The Kennel Club launched its "Mate Select" online service in May 2011. The site enables breeders to:
At the date of launch, the CoI values for each of the Dachshund varieties was as follows:
Smooth = 8.2%, Mini Smooth = 8.1%, Long = 8.6%, Mini Long = 7.6%, Wire = 6.7%, Mini Wire = 11.3%
For comparison, some other popular breeds have the following CoI values:
German Shepherd = 3.2%, German Shorthaired Pointer = 5.3%, Golden Retriever = 9.5%, Pug = 6.5%, Cavalier = 5.2%, Pekingese = 7.4%
The latest data (July 2014) are here.
The higher the CoI, the greater the probability (and risk) that two copies of a particular gene will be inherited from a common ancestor. Read about our analysis of CoI and Lafora Disease here.
The KC will no longer register puppies from mother/son, father/daughter or brother/sister combinations - these would have a CoI of at least 25%. Read about the value of CoI.
The Breed Council is monitoring changes in each Dachshund variety's Coefficient of Inbreeding over time and strongly encourages breeders to make use of Mate Select to help inform their breeding strategies. You can also find summaries (here) of stud dogs being used in each Dachshund variety and follow our analysis of "Popular Sires". Read this abstract of a German study into the influence of inbreeding on litter size and the proportion of stillborn puppies in Dachshunds. Information on Dachshund fertility and whelping is here.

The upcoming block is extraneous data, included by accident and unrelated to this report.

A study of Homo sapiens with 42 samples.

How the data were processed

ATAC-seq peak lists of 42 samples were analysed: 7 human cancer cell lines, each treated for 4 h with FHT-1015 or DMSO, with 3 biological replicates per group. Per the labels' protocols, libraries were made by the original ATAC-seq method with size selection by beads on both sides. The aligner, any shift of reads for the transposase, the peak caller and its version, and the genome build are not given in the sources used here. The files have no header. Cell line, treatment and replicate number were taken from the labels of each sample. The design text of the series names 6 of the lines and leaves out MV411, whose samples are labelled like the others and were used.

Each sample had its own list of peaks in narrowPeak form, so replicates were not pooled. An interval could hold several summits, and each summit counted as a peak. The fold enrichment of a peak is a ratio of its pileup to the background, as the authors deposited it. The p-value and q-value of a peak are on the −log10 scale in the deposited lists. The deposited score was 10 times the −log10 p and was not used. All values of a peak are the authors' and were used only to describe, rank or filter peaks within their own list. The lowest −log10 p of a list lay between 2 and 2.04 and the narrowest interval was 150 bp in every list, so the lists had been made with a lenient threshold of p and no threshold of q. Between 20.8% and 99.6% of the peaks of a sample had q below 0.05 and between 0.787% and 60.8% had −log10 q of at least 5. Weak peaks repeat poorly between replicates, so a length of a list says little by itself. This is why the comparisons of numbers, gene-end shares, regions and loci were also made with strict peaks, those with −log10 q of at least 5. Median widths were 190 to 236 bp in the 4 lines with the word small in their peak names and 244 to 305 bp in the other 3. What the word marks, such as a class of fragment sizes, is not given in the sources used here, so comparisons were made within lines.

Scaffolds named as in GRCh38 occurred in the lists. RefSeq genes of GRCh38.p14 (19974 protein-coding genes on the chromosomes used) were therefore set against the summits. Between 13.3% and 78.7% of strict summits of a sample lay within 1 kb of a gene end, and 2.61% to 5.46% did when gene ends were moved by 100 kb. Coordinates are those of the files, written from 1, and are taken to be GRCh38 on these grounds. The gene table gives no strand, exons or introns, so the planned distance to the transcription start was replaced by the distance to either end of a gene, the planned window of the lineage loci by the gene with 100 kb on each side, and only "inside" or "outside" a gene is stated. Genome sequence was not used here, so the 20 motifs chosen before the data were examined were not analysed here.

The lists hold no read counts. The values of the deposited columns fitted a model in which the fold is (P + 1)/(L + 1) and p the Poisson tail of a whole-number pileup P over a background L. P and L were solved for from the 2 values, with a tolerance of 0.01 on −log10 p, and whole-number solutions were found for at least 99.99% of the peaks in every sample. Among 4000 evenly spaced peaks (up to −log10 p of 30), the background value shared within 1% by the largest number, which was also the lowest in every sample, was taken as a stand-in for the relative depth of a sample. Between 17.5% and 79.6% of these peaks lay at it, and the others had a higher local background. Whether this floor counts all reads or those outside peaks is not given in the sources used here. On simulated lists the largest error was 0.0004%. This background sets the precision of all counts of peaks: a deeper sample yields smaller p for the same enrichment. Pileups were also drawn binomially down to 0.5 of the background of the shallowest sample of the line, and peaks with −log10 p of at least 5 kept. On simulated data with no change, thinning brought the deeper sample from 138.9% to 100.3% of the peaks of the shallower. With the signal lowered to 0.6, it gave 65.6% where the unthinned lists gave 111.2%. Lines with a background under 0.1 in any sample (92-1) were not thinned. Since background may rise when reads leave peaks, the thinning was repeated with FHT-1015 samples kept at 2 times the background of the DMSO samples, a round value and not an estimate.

Effective Population Size (EPS) data for Dachshunds can be found here. Generally, the more inbred a population is, the lower its EPS will be as there are fewer unique individuals contributing to the next generation.
More information from the Mate Select website:
How Recessive genetic mutations work in breeding programmes - a brief explanation
The value of Coefficients of Inbreeding - an article by Dr. Tom Lewis & Dr. Sarah Blott.
The FCI has produced a paper on Breeding Strategies, with recommendations on good practice.
The Canine Diversity Project has lots of articles on genetics and breeding strategies.
Dr. Cathryn Mellersh has written a paper for the Veterinary Record: "DNA testing man's best friend" and an article on "Breeding with Carriers".
The Kennel Club Gazette (Sept. 2012) Viewpoint article on the Popular Sire Effect.
Prof. Jerold Bell's article: The effects of genetic testing: constructive or destructive?
Prof. Jerold Bell's article: Genetic testing and counseling.
Prof. Jerold Bell's article on Popular Sire Syndrome.